The presence of crystalized uric acid (tophi) in people with gout indicated a 3-times higher risk than that for hypertension for the development of thickened and stiffened carotid arteries, considered markers for increased risk of cardiovascular disease (CVD), according to research from Bulgaria presented at the 2015 annual meeting of the American College of Rheumatology in San Francisco.
Studies conducted over the past decade have suggested a role of elevated levels of uric acid as a predictor of mortality in patients diagnosed with heart failure or coronary artery disease, although the mechanisms are not well understood.1 “Analyzing these studies—and based on data that gouty tophi are not passive masses, but rather active granulomas—we decided to examine the different stages of gout and to compare the results,” reported lead author Rada Gancheva, MD, a resident in the Rheumatology Clinic of the University Hospital, St. Iv. Rilski in Sofia, Bulgaria.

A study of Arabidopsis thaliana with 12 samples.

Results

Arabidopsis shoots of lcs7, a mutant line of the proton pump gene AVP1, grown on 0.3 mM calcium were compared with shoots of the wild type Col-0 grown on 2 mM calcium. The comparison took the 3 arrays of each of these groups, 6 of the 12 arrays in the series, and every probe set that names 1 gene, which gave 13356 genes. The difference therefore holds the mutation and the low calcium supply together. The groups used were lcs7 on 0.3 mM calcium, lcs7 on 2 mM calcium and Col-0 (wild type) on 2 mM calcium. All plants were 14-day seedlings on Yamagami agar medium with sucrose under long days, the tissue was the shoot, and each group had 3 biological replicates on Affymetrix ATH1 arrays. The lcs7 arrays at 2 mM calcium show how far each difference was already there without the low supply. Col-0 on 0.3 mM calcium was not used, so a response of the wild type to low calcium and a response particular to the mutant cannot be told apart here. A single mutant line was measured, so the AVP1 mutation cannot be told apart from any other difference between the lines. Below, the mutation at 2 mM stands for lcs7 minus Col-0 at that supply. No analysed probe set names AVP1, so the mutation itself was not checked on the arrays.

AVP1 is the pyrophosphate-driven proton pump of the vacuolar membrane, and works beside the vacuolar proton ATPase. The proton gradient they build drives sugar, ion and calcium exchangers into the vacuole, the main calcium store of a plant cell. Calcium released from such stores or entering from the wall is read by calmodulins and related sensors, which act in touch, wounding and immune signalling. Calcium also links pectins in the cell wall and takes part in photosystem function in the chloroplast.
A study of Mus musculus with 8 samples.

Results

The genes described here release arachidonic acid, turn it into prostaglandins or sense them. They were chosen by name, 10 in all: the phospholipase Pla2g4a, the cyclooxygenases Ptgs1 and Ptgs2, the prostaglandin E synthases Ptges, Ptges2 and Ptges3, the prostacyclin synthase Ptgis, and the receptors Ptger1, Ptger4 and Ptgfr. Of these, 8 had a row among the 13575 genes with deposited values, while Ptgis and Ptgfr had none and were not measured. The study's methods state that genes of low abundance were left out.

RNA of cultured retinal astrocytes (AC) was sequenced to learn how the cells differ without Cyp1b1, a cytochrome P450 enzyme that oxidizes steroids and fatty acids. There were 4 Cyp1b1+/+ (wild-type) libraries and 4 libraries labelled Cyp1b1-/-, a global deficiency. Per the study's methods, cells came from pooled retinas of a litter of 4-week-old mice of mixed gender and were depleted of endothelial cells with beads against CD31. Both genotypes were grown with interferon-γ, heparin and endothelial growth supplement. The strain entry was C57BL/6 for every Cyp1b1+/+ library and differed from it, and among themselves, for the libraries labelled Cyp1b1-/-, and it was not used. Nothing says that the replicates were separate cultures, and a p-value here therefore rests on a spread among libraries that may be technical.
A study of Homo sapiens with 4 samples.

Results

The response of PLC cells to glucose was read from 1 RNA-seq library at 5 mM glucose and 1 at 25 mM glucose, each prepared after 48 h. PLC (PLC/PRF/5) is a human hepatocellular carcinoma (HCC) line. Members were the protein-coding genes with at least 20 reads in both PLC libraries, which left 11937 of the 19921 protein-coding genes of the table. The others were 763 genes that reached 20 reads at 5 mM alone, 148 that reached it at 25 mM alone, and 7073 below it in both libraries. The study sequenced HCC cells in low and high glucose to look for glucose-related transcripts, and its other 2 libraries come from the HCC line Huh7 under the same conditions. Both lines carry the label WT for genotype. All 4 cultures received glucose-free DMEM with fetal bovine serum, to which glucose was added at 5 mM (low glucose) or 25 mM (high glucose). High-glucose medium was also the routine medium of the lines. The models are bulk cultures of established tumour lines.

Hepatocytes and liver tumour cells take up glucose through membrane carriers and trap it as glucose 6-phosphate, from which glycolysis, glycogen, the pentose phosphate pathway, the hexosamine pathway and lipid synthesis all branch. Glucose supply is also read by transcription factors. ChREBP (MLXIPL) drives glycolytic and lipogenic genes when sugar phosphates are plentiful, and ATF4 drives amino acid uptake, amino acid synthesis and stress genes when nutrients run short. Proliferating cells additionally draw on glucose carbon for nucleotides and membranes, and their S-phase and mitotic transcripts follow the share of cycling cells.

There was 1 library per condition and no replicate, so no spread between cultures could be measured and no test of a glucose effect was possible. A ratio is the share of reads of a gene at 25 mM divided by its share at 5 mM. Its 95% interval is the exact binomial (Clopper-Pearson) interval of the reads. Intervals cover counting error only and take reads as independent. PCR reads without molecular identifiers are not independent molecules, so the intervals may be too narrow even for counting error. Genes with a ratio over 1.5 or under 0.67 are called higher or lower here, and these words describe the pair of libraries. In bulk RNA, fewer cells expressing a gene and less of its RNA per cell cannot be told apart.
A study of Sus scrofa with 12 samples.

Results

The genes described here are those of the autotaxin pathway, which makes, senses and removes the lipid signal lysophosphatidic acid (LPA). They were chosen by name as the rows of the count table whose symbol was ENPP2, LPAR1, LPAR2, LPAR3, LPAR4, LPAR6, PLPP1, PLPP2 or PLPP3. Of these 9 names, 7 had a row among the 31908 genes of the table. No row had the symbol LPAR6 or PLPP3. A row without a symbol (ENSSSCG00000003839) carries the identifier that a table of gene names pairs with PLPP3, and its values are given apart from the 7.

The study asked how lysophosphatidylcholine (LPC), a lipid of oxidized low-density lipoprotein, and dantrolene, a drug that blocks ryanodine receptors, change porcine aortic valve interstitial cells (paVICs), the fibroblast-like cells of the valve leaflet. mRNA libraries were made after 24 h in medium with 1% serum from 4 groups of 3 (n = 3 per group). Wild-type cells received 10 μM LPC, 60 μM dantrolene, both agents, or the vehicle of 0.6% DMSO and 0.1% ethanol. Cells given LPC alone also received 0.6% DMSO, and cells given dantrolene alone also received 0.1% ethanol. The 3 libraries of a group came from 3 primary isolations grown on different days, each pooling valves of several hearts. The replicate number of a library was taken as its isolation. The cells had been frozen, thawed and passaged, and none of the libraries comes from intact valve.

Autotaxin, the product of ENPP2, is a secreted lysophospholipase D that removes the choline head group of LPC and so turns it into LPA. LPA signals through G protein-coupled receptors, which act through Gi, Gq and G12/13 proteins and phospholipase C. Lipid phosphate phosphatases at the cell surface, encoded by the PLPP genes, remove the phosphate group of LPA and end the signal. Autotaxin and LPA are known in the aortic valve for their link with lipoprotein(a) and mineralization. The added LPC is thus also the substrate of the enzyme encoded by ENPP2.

“More than half of the deaths in the world are cause by cardiovascular diseases, and chronic inflammation is a proven risk factor,” Dr Gancheva said. She and her colleagues collected data on 170 individuals divided into 3 groups according to gout diagnosis: asymptomatic hyperuricemia (n=41), gout without tophi (n=52), and gout with tophi (n=42), plus a control group diagnosed with osteoarthritis but no gout (n=35).
The 4 groups were given multisystem evaluations using ultrasonography and echocardiography, with no differences reported between groups in the frequency of diabetes mellitus, arterial hypertension, cardiovascular events, chronic renal failure, and obesity. All patients with gout (with or without tophi) had hyperlipidemia.
“These data suggest that the presence of tophi may confer an independent risk for cardiovascular disease that is commensurable and even greater than that for hypertension,” Dr Gancheva said. “With more studies like this one, with such an integrated approach, we believe criteria for the assessment of cardiovascular risk in gout could be established and easily applied by physicians to better ensure quality of care for people with gout.”
Gancheva R, Kundurdjiev A, Ivanova M, Kundurzhiev T, Kolarov Z. How strong cardiovascular risk factor are gouty tophi? Presentation at: 2015 ACR/ARHP Annual Meeting; San Francisco, CA; November 7-11, 2015. Abstract 3168.